Refugees in Namibia face double threat of funding cuts and climate change
As inflation continues to push up the cost of basic necessities such as food and fuel, refugees in Namibia's remote Osire settlement are facing stark choices.
Mbuyi Kayembe is one of over 7,000 residents in the Osire settlement, located in arid scrubland over 200 kilometres from Namibia’s capital, Windhoek. He fled his home in the Democratic Republic of the Congo (DRC) in 1993 because of the conflict which claimed the lives of both his parents.
Mbuyi originally sought safety in Zambia, where he met his wife Mary, whose father had also been killed by rebels. When their daughter Sarah was born with albinism, their lives came under threat once again. His daughter was the target of witchcraft and Mbuyi was approached by a local army chief to buy her body parts for use in traditional medicine. Their safety in jeopardy, the family fled again, to Namibia.
At the settlement in Osire, land is set aside for refugees to grow fruit and vegetables, enabling Mbuyi to supplement the family’s food rations and providing a small income from selling the surplus crops.
"The food we are receiving doesn't last us through the month."
Today however, the once-fertile land has become inhospitable. Unseasonal weather and dwindling food rations caused by cuts to aid budgets are leaving Mbuyi’s family hungry for days at a time. With temperatures in Osire reaching nearly 40°C, and water in short supply, refugees are struggling to grow the crops that have until now been a vital source of food and income. Mbuyi is resourceful, but he now fears for the future of his five children.
“The food we are receiving doesn’t last us through the month,” he says, in the dark two-room dwelling with a single mattress where the family of seven take turns to sleep. “We haven’t received paraffin to cook with for several months. We have no choice but to look for firewood in the private farms surrounding the settlement. It is illegal but if we didn’t, we wouldn’t be able to cook our food. Our children would starve.”
“Sarah can’t go outside without getting sun burnt,” he adds. “By midday, it’s so hot outside and it pains me as a parent to see her struggle with this. I have to sell the few rations I receive to buy sunscreen lotion for her.”
Located 90 minutes from the nearest town, refugees in Osire are isolated from opportunities to integrate and reliant on humanitarian assistance.
Just as needs are increasing, aid in the region is under severe pressure due to the sharp increase in fuel and food costs. UN High Commissioner for Refugees Filippo Grandi recently warned that without an injection of US$700 million in additional funding before the end of the year, UNHCR will be forced to cut vital aid to forcibly displaced people across the world.
In Namibia, the impact of inflation has meant that the budget allocated by UNHCR to fund a year’s worth of food for refugees has lasted only eight months. Osire’s livelihoods project, supporting refugees in small-scale farming and animal-rearing so they can be more self-sufficient, was already cut in September.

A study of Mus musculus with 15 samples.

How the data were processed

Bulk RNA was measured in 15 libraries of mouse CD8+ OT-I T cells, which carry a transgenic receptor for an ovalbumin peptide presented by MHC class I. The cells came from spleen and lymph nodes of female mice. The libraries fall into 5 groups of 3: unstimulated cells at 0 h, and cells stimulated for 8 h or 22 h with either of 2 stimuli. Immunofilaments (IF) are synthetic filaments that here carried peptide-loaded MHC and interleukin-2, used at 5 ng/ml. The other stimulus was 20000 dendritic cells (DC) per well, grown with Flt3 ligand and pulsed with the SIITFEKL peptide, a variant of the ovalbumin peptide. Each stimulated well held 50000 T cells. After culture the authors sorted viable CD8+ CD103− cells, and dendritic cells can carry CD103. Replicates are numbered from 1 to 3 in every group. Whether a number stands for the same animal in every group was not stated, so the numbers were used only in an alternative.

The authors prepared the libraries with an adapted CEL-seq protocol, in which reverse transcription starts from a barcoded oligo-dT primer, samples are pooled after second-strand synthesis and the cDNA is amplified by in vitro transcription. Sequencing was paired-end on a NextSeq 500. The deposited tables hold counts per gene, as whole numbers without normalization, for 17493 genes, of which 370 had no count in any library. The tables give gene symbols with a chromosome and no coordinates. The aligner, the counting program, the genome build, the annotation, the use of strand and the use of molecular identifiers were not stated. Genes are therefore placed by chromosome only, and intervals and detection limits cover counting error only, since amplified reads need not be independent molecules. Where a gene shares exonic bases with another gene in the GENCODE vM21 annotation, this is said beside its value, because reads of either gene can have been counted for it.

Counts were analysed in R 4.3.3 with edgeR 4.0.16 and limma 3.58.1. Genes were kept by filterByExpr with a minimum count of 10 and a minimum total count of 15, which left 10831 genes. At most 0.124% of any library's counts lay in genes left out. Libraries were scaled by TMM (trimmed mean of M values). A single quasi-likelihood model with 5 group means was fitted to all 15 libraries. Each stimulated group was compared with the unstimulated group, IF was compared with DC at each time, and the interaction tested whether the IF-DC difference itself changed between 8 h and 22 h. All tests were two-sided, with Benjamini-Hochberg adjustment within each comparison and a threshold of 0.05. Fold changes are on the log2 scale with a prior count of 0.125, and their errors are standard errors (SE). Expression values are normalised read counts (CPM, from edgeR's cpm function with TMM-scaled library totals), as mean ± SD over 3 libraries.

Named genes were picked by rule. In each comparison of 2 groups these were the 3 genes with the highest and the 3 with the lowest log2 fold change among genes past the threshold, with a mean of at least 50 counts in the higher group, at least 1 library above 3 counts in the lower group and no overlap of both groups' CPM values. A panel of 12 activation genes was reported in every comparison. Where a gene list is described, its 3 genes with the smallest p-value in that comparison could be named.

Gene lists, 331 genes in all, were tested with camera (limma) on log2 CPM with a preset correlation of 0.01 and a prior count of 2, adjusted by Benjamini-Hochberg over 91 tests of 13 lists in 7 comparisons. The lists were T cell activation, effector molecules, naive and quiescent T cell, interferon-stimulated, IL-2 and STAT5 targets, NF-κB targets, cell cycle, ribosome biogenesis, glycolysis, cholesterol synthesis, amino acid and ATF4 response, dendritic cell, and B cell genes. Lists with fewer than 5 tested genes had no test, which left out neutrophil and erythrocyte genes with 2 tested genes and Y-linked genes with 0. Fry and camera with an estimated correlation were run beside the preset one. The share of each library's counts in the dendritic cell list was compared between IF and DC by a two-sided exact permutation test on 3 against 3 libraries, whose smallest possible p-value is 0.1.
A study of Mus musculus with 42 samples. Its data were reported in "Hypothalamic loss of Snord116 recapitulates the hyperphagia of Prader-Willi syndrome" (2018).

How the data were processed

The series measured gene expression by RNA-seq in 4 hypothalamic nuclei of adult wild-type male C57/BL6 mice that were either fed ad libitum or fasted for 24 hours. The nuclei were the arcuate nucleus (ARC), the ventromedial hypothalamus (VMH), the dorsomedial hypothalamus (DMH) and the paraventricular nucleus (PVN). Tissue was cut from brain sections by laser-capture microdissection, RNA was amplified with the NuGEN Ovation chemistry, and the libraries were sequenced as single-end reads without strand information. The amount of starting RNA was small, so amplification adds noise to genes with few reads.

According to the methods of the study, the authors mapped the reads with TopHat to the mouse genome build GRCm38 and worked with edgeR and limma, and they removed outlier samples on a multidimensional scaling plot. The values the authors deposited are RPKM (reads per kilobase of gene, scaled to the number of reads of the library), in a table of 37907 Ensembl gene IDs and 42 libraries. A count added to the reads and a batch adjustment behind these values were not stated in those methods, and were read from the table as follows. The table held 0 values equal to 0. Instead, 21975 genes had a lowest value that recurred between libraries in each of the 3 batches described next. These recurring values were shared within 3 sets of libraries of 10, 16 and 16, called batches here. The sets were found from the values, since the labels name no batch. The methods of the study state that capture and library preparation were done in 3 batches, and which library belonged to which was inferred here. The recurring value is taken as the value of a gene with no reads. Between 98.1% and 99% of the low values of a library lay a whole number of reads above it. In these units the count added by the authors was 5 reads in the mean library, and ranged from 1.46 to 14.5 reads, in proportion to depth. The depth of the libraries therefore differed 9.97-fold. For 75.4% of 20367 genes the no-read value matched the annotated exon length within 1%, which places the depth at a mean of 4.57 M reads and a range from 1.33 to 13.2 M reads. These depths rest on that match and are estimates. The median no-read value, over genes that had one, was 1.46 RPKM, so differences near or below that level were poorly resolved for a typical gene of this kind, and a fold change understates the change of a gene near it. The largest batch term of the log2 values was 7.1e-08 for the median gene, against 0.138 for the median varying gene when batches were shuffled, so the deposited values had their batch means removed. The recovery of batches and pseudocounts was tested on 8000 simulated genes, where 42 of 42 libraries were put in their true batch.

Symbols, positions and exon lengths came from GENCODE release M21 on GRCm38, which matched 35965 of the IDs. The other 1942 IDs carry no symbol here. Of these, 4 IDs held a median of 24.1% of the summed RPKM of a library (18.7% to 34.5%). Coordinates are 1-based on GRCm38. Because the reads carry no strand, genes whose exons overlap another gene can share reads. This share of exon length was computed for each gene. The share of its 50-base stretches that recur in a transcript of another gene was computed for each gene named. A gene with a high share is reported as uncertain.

“Here in the desert, if we don’t have food, we cannot survive,” says single mother Chantal Mwamarakiza, who was forced to flee Burundi when her husband was beaten to death. The refuge she has found in Namibia is now uncertain as the seasonal rains are yet to arrive and soaring temperatures are undermining her ability to support her family. “We are cultivating our gardens but the water has run dry so nothing will grow. I have to sell my rations of beans and maize for other kinds of food for the children and sometimes I don’t have money for them to go to school.”
Martin Byendimbwa, chairperson of the Refugee Community Committee of Namibia and an active advocate for his fellow refugees, echoes these concerns.
“The problem is inflation,” he says. “The price of a bag of maize meal, our staple food, keeps going up. I am grateful to the Government of Namibia for giving us this settlement but without the right to employment, we can’t support ourselves and we can’t make use of our education.”
"I'm crying for my children's future."
The head of UNHCR’s office in Namibia Bernadette Muteshi is concerned about the consequences of underfunding for refugees. “Our budget has plummeted, which is why we have to take tough decisions to cut services,” she explains. “We’re only giving basic rations which only last for three weeks of the month. We don’t have extra funds to give more support to those in need like pregnant and nursing mothers, or people living with HIV and AIDS. Refugees are left to make up the shortfall and they are struggling because of the drought.
“We desperately need donors to help support this population with immediate and sustainable assistance. Not doing that will mean they are left behind. It’s heart-breaking.”
At the UN’s Climate Conference, COP27, being held this month, the UN Secretary General is calling for the international community to protect the most vulnerable from the ravages of the climate emergency. Still suffering the aftershocks of brutal conflict and now facing food insecurity, without urgent intervention, Namibia’s refugees are at risk of becoming a forgotten population.
“I’m crying for my children’s future,” says Mbuyi. “I can see my future is darker because of the years that are passing. I lost my whole life. I studied mechanics but I don’t have a job. I’m praying for my kids to not to have a life like mine.”